Clifford Chance ramped up its US pro bono credentials last Tuesday (10 June) when the UK-headquartered firm hosted a reception marking the launch of We Will Be Heard – a new book charting the decades-long struggle for constitutional rights in the US.
Americas managing partner Craig Medwick introduced the high-profile roster of guests, who included Georgetown law professor David Cole, four of the individuals featured in the book, and its co-author Bud Schultz, the professor emeritus of psychology and education at Trinity College, Hartford.
During his introduction, Medwick pledged that Clifford Chance would be asking its US lawyers to deliver at least 50 hours each in the current year to pro bono or civic matters.
He added that 20 per cent of the total hours in 2008 would be devoted to providing legal services to individuals who have been denied their constitutional rights – the subject of Schultz’s book.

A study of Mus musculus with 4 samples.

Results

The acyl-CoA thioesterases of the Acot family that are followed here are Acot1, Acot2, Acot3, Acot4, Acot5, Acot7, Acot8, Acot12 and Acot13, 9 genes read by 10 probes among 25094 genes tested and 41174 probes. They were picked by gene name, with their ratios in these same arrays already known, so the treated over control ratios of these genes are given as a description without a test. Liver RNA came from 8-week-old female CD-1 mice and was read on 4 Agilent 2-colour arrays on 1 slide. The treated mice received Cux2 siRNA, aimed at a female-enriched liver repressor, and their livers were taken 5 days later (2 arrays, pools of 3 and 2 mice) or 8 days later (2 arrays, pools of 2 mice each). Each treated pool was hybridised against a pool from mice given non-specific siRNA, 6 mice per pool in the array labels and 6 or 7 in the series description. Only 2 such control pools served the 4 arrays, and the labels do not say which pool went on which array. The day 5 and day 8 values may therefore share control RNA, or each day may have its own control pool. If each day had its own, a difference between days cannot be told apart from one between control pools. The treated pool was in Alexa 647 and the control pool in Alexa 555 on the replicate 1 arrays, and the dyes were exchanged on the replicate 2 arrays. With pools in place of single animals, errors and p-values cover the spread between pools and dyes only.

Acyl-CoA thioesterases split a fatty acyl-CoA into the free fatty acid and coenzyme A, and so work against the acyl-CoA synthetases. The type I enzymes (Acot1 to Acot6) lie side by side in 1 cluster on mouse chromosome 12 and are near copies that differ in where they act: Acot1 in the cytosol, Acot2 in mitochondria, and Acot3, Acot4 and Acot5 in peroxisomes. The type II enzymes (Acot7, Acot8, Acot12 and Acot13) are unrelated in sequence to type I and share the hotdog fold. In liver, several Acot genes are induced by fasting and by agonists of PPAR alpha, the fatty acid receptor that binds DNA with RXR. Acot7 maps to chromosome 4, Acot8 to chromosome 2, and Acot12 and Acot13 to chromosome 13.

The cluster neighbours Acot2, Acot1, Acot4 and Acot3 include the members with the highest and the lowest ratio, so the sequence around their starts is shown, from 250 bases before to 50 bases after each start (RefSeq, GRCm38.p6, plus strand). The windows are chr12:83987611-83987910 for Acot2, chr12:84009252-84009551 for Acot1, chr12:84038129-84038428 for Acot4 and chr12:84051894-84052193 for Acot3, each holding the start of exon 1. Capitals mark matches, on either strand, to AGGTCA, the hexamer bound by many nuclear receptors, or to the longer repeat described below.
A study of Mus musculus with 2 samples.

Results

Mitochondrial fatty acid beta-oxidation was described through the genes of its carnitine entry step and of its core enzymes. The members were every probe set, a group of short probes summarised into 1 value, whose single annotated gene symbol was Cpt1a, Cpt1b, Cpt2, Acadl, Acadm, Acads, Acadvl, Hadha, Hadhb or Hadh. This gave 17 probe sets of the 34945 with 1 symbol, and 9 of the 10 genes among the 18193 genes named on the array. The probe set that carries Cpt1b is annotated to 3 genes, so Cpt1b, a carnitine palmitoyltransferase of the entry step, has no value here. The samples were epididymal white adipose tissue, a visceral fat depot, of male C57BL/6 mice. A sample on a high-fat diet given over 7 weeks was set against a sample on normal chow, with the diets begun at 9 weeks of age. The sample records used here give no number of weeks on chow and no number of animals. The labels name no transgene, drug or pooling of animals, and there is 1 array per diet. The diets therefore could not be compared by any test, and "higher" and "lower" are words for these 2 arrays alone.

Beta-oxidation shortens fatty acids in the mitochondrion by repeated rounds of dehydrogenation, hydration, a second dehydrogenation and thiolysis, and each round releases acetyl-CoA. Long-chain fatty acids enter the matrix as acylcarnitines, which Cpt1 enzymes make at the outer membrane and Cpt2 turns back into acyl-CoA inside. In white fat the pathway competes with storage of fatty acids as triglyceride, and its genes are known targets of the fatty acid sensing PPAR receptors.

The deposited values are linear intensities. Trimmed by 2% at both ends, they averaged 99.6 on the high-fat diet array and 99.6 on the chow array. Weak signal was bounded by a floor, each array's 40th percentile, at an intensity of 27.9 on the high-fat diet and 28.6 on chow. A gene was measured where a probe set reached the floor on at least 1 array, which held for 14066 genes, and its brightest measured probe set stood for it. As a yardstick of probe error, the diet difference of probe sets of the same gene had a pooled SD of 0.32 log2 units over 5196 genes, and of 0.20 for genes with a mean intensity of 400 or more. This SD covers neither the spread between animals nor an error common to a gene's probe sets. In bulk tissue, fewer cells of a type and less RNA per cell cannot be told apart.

Speaking after Medwick, Cole said it was particularly fitting that the book was being launched at Clifford Chance, which he hailed as “one of the first law firms in the world to seek to defend the people at Guantanamo Bay”.
Much of the content of the book made the connection with Clifford Chance less obvious. It features tales of workers’ rebellions and class struggles against an oppressive state, ranging from
the Everett Massacre of 1916 to the current controversies surrounding the Patriot Act.
However, Clifford Chance does have a tradition of pro bono activity in the US. Last year, for example, The Lawyer reported that the firm had won a last-minute stay of execution for the longest serving man on death row in the US, Jack Alderman (TheLawyer.com, 19 October 2007).
It also successfully litigated the release of Martin Tankleff, a Long Island resident wrongfully convicted for the 1988 murder of his parents, and helped a Zimbabwean headmaster facing persecution in his own country to obtain political asylum and remain in the US with his family.
In total in 2007 Clifford Chance’s US lawyers logged 22,900 pro bono hours – an average of 67 hours each.